Dr Diing is part of a ministerial opening panel from six East African countries: Kenya, Somaliland, South Sudan, Sudan, Tanzania, Uganda, including three ministers, that is confirmed to address the opening session at the East African Power Industry Convention (EAPIC) on 21 September in Nairobi.
1) Honourable minister, thank you for this opportunity. What opportunities would you say are there for prospective investors in the energy sector in South Sudan?
Energy in South Sudan is promising. Despite the opportunities available in the country in term of hydro and new source of energy in South Sudan there is a gap between the need and actual production power. While the country demands around 1000 MW, the existing power is only 1%, which made South Sudan to be the least country in the world in term of energy.
2) What do you see as the main challenges currently facing South Sudan in terms of its energy infrastructure?
Political stability: the absence of political stability in South Sudan is affecting development and growth in the country.
3) The 500MW Kosti thermal power station that was recently commissioned, this is a big step forward for the region. What contribution will this make to the region’s economic development?
Kosti is in Sudan. South Sudan currently is importing 40MW from Kosti to Renk and the Ministry is planning to extend this line to Malakal through both the Eastern and Western bank of the River Nile.
4) Other power projects in the pipeline?
I. Rehabilitation and extension of Juba power distribution network which is being financed by grant from African Development Bank
II. Upgrading Juba power station from 12 MW to 100MW.
III. Construction of Grand Fulla Dam with capacity of 1080 by USA company AAE
IV. Interconnection of 400kV transmission line from Uganda (Olwiyo) to South Sudan (Juba).
5) What incentives are in place for those companies interested in getting involved in projects in South Sudan:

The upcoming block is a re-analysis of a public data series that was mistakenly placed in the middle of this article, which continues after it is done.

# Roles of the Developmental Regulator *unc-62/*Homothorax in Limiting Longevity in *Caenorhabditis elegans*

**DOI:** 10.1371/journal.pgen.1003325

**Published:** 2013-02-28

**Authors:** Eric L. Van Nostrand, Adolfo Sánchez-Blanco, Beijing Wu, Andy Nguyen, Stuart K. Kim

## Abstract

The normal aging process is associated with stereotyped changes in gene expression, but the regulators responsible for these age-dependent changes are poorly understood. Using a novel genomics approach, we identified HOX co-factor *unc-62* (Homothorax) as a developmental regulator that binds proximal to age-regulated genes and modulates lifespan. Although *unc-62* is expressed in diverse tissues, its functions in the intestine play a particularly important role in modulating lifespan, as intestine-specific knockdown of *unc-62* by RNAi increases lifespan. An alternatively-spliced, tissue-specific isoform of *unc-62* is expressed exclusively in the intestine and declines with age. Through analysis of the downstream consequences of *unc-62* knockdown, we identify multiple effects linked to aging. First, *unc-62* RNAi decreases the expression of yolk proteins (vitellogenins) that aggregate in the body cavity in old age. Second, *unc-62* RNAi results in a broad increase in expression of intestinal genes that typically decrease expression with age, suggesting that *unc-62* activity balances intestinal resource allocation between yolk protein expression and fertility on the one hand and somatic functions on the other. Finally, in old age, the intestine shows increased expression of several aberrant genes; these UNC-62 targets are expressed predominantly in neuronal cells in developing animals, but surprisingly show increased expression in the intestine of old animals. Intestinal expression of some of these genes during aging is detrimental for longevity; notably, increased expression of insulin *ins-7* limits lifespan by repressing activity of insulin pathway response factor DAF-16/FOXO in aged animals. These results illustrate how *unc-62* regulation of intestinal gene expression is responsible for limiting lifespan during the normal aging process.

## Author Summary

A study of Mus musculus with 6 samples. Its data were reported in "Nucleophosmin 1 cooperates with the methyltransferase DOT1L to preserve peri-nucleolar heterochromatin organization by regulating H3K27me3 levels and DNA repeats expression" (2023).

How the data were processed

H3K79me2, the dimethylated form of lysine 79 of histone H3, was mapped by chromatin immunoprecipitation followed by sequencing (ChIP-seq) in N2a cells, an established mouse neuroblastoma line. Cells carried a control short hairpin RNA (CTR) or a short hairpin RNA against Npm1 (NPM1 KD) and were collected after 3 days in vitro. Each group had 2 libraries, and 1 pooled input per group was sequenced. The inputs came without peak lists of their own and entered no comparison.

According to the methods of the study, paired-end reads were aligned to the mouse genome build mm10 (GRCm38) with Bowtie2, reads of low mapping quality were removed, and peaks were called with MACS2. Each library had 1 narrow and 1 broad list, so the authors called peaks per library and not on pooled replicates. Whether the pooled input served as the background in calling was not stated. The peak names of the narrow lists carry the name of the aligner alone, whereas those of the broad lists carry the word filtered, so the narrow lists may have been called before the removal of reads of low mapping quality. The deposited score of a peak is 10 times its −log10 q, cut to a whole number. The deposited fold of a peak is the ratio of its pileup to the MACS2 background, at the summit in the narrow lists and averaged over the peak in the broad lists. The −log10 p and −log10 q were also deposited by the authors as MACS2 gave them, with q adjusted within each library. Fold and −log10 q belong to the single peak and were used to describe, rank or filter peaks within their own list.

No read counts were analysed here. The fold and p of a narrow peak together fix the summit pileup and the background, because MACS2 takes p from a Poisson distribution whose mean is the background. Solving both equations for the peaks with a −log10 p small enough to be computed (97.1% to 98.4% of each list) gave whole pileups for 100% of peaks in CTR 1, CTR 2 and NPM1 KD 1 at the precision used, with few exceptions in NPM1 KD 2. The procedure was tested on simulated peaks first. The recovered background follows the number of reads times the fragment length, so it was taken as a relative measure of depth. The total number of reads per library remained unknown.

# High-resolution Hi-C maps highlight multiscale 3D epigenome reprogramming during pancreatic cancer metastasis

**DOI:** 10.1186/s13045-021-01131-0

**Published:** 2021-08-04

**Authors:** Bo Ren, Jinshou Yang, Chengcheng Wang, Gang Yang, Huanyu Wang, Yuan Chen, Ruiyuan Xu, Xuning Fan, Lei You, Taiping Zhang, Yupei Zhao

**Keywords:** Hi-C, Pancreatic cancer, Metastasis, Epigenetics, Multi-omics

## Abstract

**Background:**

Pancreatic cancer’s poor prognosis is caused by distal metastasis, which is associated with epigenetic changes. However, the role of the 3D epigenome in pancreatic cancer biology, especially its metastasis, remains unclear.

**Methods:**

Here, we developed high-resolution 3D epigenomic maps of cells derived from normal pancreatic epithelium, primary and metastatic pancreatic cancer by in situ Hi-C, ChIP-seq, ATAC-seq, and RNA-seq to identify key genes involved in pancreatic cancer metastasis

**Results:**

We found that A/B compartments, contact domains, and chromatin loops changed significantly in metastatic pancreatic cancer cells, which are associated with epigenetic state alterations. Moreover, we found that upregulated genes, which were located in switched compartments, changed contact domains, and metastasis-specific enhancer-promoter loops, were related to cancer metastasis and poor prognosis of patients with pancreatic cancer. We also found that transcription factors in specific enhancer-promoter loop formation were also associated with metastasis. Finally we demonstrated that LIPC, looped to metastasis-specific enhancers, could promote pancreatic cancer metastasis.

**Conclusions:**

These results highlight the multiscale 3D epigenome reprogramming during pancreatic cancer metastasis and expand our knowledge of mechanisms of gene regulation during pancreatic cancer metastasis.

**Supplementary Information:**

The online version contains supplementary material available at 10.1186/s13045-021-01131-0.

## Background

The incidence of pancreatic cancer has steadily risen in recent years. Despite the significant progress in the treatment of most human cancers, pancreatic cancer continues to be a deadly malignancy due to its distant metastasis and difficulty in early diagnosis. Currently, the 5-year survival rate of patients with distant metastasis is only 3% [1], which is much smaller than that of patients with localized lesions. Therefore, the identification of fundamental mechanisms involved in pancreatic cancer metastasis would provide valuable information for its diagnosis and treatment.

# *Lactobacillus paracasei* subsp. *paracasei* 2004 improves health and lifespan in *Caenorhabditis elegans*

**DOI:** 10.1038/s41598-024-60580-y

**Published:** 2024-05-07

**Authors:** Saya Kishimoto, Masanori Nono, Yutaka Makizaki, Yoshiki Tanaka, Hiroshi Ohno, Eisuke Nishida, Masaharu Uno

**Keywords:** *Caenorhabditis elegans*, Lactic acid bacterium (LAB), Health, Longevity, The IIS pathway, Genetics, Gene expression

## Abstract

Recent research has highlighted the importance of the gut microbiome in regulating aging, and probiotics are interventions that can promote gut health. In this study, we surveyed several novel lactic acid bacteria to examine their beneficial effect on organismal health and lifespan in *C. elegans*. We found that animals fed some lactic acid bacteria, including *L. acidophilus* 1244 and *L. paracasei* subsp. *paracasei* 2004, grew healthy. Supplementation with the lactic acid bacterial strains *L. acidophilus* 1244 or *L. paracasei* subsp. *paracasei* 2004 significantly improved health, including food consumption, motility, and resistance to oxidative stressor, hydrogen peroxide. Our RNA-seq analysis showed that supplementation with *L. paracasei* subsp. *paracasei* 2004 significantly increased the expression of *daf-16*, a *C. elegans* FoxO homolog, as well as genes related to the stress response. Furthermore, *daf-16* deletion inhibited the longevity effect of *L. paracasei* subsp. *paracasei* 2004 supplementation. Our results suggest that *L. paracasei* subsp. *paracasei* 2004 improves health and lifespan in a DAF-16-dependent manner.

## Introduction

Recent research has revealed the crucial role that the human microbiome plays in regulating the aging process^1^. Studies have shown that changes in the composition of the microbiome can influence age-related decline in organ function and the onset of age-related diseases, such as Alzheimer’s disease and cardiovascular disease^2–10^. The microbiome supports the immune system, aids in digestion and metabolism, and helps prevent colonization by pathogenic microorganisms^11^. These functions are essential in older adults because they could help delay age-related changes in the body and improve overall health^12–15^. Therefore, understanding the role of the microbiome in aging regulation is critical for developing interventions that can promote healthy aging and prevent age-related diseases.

The reforms in the energy and dams sector that the Ministry is currently revising:
II. Short, medium and long term policies
III. Organizational structures
6) More and more projects in this sector on the continent are being financed through Public-Private-Partnerships, your views?
For energy as a commodity should finance itself without government funding so Build Operate Transfer (BOT) system is more appropriate in the situation of South Sudan.
7) How important is it for South Sudan to be involved in regional power projects? What developments are there in the Nile Basin projects?
South Sudan commits itself to a regional integration policy. Among those projects necessary for the regional integration is regional power interconnectivity. South Sudan is pursuing three lines with Ethiopia, Sudan and Uganda.
8) Your predecessor also addressed last year’s East African Power Industry Convention (EAPIC) – how important is this regional meeting? What was the feedback?
For regional integration to commence quickly, it is important for the leaders to regularly and frequently meet to review the achievements and progress made. Close follow-up by the leaders is much needed for success of the projects.
9) What will be South Sudan’s message at this year’s event?
With all the abundant energy resources, South Sudan still remains the least in access to electricity in the continent; we are inviting the investors to come to explore these resources.
10) Anything you would like to add?
There are many investment opportunities in the energy sector in South Sudan; the government is offering investment incentives and trying to provide a conducive environment for investment.